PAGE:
COLPs and COFAs – Know your obligations
Compliance Officers for Legal Practice (COLP) and Compliance Officers for Finance and Administration (COFA) have vital roles in the regime of outcome focused regulation of the SRA. This is aimed at giving the most appropriate result for legal services consumers. The positions of COLP and COFA are key in creating a compliance culture within a firm, and allowing a focal point for risk identification to form, as well as a key point of contact for the SRA.
The roles involve taking responsibility for the systems and controls of the firm, ensuring appropriate processes are in place so those involved with the firm comply with the SRA handbook.
Full awareness of the obligations involved in being a COLP or COFA are of upmost importance, in order to ensure the right steps are taken should any relevant issue arise within the firm.
The true extent of this required awareness has been demonstrated in a recent case, where a newly appointed compliance officer ‘fundamentally misunderstood his obligations’, resulting in a fine of £7,500.
Having been in the post for just one year, the Solicitors Disciplinary Tribunal also banned the officer from being a COLP or COFA.
Steven David Hulme was had been working at Lancashire based Orbis solicitors, where he was employed as an assistant solicitor. The firm was subsequently closed down on the 7 April 2016 by the Solicitors Regulation Authority, following suspicions of dishonest action from Anne Bradley, the founder and director of the Orbis.
Hulme began working at Orbis in April 2006 and in 2013 went on to become the firm’s COFA.
A SRA forensic investigation took place in February 2014, which revealed a cash shortage of £84,666.63 in the firm’s client account. This amount consisted of professional disbursements which had not been paid, received into the office account between 8 August 2011 and 30 January 2014. These should have been paid out within two days of receipt.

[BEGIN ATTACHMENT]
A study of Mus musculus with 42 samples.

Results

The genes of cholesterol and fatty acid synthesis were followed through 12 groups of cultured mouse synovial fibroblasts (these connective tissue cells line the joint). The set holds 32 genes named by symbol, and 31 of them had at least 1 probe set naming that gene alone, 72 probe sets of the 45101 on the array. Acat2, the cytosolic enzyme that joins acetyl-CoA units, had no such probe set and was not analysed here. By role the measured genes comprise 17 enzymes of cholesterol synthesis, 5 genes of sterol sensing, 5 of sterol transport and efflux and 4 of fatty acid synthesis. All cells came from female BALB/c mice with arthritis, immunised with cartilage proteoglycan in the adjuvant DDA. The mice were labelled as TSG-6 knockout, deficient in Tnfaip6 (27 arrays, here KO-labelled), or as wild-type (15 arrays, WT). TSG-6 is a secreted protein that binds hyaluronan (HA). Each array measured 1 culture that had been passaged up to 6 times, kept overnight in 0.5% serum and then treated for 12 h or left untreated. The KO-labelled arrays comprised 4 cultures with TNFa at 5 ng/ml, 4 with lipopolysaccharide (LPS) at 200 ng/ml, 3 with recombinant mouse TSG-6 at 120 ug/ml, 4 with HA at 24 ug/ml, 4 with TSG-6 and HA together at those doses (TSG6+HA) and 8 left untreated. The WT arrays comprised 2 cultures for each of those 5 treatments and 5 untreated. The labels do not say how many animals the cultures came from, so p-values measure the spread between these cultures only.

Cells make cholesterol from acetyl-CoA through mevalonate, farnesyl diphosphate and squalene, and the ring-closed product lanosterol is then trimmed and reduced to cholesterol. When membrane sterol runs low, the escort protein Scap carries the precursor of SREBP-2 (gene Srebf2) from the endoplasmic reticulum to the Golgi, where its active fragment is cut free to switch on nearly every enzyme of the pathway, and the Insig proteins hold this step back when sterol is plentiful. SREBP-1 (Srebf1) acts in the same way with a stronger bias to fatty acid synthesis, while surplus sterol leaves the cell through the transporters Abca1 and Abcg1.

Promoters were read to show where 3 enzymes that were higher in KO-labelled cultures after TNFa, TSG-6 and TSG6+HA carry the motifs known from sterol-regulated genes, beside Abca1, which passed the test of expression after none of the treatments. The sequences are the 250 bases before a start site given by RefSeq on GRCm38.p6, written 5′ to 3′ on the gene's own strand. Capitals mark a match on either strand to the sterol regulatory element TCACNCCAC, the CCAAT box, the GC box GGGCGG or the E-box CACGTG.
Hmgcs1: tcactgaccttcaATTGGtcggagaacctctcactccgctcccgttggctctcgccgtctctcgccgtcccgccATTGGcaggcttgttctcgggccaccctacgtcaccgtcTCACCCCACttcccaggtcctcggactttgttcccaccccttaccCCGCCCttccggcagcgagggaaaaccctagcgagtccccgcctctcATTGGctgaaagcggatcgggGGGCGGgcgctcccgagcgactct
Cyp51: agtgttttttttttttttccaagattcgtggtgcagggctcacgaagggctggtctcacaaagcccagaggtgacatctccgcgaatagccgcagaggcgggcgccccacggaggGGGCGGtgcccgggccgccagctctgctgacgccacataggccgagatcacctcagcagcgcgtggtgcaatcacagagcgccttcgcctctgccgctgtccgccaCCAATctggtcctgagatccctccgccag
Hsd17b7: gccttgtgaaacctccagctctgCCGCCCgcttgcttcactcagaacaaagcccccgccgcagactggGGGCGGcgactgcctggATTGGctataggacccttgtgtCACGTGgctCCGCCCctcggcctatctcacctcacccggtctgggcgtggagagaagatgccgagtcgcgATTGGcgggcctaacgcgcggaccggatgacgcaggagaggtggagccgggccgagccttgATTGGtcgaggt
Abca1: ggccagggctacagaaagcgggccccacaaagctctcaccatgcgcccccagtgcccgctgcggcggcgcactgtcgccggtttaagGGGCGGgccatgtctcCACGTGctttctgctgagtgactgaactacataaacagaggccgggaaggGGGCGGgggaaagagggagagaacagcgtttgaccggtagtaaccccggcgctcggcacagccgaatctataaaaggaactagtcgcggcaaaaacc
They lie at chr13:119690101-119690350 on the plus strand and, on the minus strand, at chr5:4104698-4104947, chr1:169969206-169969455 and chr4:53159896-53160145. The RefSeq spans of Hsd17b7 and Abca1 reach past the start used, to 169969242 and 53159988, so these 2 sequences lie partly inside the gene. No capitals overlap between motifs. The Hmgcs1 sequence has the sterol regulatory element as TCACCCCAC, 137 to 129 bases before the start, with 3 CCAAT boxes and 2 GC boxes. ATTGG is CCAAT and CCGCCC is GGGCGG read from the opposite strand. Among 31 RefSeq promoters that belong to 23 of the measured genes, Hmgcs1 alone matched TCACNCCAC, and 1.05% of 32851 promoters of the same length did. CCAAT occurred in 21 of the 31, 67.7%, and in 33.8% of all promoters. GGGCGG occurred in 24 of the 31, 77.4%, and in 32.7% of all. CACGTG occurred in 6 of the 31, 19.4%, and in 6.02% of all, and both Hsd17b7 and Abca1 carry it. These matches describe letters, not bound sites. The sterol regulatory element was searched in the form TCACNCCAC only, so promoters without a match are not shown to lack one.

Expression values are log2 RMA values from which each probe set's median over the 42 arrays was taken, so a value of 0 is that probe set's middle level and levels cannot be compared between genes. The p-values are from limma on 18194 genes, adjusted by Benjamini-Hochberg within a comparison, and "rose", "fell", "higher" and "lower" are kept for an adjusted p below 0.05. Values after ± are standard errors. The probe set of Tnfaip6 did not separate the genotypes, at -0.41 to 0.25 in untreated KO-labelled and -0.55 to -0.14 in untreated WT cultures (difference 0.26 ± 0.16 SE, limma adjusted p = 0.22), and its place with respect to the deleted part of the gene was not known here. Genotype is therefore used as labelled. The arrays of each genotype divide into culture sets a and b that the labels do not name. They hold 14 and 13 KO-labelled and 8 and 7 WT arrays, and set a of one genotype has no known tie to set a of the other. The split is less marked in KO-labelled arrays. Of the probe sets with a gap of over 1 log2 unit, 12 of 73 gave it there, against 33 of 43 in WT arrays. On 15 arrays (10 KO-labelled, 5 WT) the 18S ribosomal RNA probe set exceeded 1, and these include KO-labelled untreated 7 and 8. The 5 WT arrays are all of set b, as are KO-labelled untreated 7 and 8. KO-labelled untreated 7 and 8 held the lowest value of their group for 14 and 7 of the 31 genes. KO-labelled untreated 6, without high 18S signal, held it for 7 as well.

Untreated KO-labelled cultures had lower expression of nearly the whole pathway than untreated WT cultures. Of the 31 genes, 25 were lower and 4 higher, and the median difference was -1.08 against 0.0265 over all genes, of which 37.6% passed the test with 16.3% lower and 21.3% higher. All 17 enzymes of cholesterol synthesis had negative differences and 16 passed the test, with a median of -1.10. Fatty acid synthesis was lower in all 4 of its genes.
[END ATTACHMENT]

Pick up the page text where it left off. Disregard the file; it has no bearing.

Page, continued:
Hulme argued that he was aware of the breaches in his defence. As well as being discussed in board meetings, he had also recorded them in the Accounts Rule Breach Record of the firm which he maintained.
Although he agreed that the breaches should have been reported to the SRA, Hulme stated that he had alerted Anne Bradley in her capacity as the firm’s compliance officer for legal practice. He said that Ms Bradley assured him that she had reported the breaches to the SRA.
£5,000 was agreed as an appropriate sanction by Hulme and the SRA.
However, having considered the seriousness of the misconduct, the tribunal believed a higher fine should be ordered of £7,500. In addition to this, attached to Hulme’s practicing certificate should be the condition that he may not be a compliance officer.
The tribunal commented on Hulme’s misunderstanding in regards to his obligations in regards to acting as the COFA of the firm.
‘The tribunal considered that [Hulme]’s misconduct was serious. There was a substantial shortage that subsisted on the firm’s client account over an extended period of time. The respondent was aware of that amount, and indeed recorded the breach in the Accounts Rules Breach Record he maintained. He had agreed to act as the firm’s COFA, but had fundamentally misunderstood his obligations in that regard.’
It was also agreed by Hulme that he would pay the SRA costs in the sum of £2,250.
Following a separate investigation, Bradley was suspended from practicing as a solicitor for five years on 16 November 2016. This was a week after Hulme’s tribunal.
COLPs and COFA have important responsibilities and this case highlights the need to be aware of them.
Recording breaches is a fundamental part of the role, both in terms of documenting and increasing firm knowledge on where issues may be arising.